School’s actually (practically) been over for a week already for me, and you’d have thought that meant more time for blogging, but between playing with a new phone (which I’ll probably blog about this week) and playing old uncompleted games (finally completed Neverwinter Nights 2 two years after its release, and got started on the expansion), there’s actually been very little leftover time (or incentive) to write. Somehow I’ve gained the motivation to write on this rainy Sunday evening, so here goes.
I’ve been going to Wesley Methodist Church these past few weeks, and though I’m not sure I’ll be making it a permanent home, it’s been a comfortable place to go for service. Anyway, they hand out a church bulletin booklet every week, which is probably a phenomenal waste of paper, but something nice about that is the prayer request section they have at the back. Basically, anybody who has requests they’ll like people to pray for could submit them to be printed in the booklet.
I don’t usually read that section in detail, but I do occasionally skim through it, and when I do, the thing that strikes me is the wide range in nature of the requests. On the one hand, you have people dying from leukaemia, lying comatose, and on the other you have requests for exam results and the like. I don’t think I’d have dared to submit a public prayer request for such (relatively) trivial matters when others’ lives are hanging in the balance, but I guess when believing in an infinite God, you’re supposed to assume that he can deal with your little requests without diminishing his ability to tackle the big ones.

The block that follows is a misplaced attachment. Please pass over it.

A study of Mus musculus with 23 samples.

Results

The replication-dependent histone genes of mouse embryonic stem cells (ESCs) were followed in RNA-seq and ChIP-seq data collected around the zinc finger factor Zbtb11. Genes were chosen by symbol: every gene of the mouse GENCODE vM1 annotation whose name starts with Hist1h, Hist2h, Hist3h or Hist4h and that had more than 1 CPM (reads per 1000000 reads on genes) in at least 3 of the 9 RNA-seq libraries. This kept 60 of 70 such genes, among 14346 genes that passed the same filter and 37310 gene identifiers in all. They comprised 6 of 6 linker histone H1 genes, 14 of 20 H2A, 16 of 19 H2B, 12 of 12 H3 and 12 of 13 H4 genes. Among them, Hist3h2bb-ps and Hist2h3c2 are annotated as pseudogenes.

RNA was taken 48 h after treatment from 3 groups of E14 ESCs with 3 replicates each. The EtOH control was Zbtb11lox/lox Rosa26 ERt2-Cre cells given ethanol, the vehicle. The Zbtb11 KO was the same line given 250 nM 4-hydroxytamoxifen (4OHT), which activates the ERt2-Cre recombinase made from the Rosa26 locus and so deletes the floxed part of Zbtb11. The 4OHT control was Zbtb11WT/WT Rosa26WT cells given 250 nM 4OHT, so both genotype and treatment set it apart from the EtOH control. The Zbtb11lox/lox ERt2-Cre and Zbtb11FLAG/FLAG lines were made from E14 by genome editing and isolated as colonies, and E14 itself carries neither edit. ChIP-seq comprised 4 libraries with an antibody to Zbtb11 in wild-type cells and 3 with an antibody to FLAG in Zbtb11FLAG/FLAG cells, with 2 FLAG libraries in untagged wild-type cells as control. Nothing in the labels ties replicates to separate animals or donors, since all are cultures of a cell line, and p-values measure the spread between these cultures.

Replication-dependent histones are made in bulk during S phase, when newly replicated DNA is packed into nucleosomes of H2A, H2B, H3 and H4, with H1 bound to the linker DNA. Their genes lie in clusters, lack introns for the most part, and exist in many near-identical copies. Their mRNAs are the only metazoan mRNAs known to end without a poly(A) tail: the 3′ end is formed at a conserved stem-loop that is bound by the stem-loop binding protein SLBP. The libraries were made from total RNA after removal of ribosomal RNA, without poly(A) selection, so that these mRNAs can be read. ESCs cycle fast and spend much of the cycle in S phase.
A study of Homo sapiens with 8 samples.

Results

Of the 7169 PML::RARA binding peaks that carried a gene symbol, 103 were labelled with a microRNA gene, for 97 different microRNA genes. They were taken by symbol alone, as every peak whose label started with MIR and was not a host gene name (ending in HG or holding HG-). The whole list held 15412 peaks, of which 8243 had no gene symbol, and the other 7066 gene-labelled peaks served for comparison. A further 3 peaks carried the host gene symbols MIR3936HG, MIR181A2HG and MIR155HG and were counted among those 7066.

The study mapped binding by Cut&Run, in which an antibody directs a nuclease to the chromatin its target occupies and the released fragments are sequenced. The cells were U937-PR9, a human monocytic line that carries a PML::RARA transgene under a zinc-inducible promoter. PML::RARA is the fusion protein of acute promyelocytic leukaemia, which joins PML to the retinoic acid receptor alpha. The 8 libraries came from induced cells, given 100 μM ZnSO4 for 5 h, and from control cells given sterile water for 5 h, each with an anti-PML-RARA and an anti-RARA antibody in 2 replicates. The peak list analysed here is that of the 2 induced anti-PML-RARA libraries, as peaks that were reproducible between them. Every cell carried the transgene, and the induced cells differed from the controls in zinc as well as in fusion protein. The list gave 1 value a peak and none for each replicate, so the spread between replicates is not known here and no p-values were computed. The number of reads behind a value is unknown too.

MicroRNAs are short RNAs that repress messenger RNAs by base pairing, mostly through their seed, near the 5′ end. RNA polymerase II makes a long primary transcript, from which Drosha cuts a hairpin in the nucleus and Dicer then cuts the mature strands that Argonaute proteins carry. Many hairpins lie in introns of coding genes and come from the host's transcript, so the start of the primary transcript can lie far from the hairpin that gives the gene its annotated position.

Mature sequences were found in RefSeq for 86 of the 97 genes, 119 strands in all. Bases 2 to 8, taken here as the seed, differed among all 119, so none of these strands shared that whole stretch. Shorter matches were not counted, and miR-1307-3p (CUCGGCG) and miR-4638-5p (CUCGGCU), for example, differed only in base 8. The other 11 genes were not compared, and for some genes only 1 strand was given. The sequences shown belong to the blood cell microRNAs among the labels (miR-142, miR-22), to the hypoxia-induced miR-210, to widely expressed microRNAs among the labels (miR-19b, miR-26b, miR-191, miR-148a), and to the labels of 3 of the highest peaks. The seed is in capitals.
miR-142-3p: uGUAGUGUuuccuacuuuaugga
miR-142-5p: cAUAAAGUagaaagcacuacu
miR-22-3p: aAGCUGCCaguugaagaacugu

I’ve realised, though, that this is a philosophy I take into my private prayer habits. I seldom pray for things, unless they’re things I feel to be really important. I know in theory that an omnipotent God should be able to deal with it all, but I guess I’m unable to actually comprehend this rationally, and decide not to bring my unworthy desires before God. This has always bothered me somewhat, though – especially upon meeting Ailin’s fellowship group in Japan and observing how each one of them always had stuff to pray about when they met weekly. It’s like, all the normal Christians are bringing their various requests to God, what are you, too good to ask for anything?
I wonder, though, whether I should be trying to change this perception by force, or whether I should be trying to reach an understanding of God that I can naturally accept? The Bible says to ask in order to receive (though it later qualifies that the intent behind the asking is important too), but if I don’t want it enough to trouble God about it (even though he probably won’t be troubled by it at all), that’s not really a problem, is it?
(And yes, I know supplication shouldn’t be all that’s involved in prayer, but I’m not particularly talky with God right now so it’s still the main component for me. Yes, I’m working on it.)